Illinois Is Ramping Up a Horrifying Practice Against Its Prisoners
This week, the Illinois criminal justice scandal making national headlines is the city of Chicago's attempted cover-up of a video showing a police officer shooting a black man 16 times, resulting in the officer being charged with first-degree murder. But there's another recent piece of news from the state that is similarly stomach-churning.
According to a Monday report from the Chicago Tribune, Illinois is ramping up the practice of suing former prisoners for huge sums of money for room and board while they were incarcerated. And the exploitative manner in which the state's corrections department pursues the lawsuits raises even more questions than the very act itself.
A few stories from the report:
• Johnny Melton was successfully sued for nearly $20,000 after a 15-month stint in prison, which swallowed up most of the roughly $31,000 he had won from a wrongful-death lawsuit after his mother passed away. When he got parole, he stayed in a homeless shelter.
• One inmate was sued for nearly $175,000 after he won a $50,000 lawsuit against the state's corrections department for not appropriately treating his cancer.
• Another inmate was sued for more than $450,000 for his time in prison after serving nearly 20 years. He had a prison bank account with $11,000 accumulated from a job while in prison making furniture for $75 a month, which was already subject to a 3% fee intended to cover incarceration costs.
There's a pattern to these stories: Prisoners who have a discernible sum of available cash are being slapped with the lawsuits.
The Tribune's report says that prisons can use a variety of methods to identify prisoners with assets and that they appear to be more likely to be targeted as a result of it:
All inmates fill out financial disclosure forms. Others rise to the attention of prison officials through tips or through having their mail read, according to a corrections department spokeswoman. That identifies inmates who receive, say, a bank or brokerage statement in the mail. What is not clear is whether there is a financial threshold that must be reached to trigger a referral to the attorney general's office, though all of the inmates who have been sued since 2010 appeared to have at least $10,000 in assets.
In addition to the criterion of "can we get anything substantial out of this prisoner," there's also "how much does the corrections department need?" The Tribune reports that the office of the state attorney general said that when it accepts referrals from the corrections department for a lawsuit "it tries to balance the needs of inmates with the amount of money the department is seeking."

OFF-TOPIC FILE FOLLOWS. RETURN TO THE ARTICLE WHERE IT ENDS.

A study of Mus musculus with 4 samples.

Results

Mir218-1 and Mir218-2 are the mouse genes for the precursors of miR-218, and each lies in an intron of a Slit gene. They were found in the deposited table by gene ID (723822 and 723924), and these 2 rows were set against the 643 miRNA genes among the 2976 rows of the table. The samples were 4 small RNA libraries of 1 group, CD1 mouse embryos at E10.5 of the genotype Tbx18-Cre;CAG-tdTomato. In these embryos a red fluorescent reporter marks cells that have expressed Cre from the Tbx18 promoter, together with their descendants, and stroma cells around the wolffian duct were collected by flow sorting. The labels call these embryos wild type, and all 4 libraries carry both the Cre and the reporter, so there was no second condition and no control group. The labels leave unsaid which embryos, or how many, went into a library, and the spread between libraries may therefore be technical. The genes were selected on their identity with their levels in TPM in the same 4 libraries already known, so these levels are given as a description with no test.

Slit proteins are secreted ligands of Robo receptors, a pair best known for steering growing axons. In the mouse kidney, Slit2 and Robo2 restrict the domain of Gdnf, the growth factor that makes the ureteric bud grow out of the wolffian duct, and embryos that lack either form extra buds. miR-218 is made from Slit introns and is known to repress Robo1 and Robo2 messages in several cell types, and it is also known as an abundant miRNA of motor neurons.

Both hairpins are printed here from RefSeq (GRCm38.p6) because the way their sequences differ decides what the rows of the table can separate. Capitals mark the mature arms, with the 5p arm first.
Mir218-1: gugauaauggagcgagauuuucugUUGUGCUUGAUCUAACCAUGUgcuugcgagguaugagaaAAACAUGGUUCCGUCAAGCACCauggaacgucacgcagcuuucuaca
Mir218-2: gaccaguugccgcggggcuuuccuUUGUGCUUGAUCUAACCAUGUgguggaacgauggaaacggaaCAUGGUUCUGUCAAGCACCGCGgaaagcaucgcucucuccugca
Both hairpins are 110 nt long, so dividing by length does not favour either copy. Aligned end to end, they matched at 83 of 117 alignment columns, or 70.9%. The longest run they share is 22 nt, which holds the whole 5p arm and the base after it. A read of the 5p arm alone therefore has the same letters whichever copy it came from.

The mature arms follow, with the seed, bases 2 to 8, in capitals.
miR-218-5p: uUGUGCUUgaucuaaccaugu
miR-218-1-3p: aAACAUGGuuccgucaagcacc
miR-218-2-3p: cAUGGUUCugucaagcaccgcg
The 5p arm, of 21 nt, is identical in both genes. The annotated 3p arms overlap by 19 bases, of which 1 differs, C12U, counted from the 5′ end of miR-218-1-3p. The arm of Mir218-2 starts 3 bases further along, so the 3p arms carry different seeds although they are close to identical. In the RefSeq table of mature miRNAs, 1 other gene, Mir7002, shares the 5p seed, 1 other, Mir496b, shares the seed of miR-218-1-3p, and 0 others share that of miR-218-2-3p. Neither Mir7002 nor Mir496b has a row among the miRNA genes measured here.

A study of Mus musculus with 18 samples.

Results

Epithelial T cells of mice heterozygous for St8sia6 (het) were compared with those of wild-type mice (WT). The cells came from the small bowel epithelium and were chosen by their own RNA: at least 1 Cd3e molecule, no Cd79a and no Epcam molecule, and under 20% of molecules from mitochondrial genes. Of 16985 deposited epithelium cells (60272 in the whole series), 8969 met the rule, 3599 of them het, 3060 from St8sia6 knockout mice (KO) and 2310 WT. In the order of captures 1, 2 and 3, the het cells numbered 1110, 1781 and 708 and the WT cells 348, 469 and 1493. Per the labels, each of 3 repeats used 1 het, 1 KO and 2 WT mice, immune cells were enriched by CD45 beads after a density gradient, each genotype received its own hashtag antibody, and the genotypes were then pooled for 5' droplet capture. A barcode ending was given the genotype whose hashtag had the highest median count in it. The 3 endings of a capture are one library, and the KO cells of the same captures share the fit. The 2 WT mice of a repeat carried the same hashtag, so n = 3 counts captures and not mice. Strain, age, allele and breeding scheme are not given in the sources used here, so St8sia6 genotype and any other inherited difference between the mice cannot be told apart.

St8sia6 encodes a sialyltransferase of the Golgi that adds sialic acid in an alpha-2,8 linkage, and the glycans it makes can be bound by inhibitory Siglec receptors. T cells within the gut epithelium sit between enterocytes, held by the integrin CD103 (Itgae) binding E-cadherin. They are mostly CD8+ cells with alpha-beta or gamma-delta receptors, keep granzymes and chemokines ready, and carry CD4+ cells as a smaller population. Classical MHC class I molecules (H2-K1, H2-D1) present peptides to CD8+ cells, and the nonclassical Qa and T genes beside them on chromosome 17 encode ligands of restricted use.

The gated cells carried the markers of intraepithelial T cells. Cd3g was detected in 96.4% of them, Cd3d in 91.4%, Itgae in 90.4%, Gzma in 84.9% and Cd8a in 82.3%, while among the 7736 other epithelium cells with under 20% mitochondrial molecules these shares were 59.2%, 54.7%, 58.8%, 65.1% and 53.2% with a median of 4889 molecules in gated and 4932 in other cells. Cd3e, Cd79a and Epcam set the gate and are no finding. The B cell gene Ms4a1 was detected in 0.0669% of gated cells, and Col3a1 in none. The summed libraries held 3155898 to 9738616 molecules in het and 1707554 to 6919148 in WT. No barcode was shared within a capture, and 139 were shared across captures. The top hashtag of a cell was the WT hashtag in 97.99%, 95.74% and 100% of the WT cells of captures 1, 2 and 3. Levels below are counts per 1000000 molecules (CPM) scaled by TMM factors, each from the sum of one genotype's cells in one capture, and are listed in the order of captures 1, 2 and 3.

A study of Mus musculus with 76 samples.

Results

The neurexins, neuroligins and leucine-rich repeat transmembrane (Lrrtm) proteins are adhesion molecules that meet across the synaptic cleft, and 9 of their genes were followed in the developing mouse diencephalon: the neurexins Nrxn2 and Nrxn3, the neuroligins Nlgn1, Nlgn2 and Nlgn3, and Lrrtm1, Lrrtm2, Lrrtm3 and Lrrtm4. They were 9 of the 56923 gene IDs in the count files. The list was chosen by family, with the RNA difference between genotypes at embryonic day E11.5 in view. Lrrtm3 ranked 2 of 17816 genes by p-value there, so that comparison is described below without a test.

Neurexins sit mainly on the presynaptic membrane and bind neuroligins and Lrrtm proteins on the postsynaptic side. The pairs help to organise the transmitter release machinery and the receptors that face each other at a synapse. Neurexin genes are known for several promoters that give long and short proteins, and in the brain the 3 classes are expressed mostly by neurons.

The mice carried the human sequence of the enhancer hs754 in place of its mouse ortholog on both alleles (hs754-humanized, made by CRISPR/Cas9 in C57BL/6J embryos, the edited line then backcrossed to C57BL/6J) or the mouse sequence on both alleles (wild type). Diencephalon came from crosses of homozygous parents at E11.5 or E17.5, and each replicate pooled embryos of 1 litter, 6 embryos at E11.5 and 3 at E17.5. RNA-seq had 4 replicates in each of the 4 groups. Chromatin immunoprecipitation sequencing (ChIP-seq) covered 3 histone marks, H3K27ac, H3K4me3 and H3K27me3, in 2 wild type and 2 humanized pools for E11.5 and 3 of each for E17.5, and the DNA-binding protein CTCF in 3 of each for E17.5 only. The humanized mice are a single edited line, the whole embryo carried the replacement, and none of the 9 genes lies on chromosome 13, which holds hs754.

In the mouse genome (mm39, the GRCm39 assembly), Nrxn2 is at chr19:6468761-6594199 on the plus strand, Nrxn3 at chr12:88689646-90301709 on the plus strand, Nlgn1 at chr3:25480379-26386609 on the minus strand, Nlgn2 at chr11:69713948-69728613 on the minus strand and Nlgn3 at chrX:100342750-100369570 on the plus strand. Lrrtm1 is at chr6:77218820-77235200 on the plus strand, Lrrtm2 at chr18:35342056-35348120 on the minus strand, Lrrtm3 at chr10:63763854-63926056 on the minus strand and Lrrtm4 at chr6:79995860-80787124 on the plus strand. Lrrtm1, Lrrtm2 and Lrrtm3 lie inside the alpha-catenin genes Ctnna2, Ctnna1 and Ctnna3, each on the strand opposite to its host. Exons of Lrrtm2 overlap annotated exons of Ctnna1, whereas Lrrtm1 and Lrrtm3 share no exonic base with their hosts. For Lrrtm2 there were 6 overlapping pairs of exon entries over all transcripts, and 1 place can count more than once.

It's all completely within the bounds of state law and closely resembles the practice of jails pursuing former inmates for pay-to-stay jail fees, which are legal across most of the United States. In November, the ACLU released a major report documenting the practice of pay-to-stay jail fees in Ohio, which found that a 180-day jail sentence could result in a fine of close to $12,000.
Both these lawsuits in Illinois and pay-to-stay jail fees are characteristics of a criminal justice system that values punitive force over rehabilitation. If somebody has paid their debts to society through a stay in jail or prison, then charging them for their stay seems to be a gratuitous penalty. Given the significant number of prisoners who return to a life of poverty upon their release — and have much more difficulty securing a job than before their sentence — the extra penalty has an almost sadistic quality to it.
In the case of the Illinois lawsuits, what's particularly stunning is the arbitrary way that justice is being administered. The specific former prisoners being targeted are chosen based on department needs and the financial status of former inmates, but those details bear no relationship whatsoever with the prisoner's original sentence or the manner in which they served it. In some of the situations in which the lawsuit is being administered, the targets of the lawsuits lack the right to a free lawyer, who might help lessen the final sum — all of which seems rather cruel and unusual.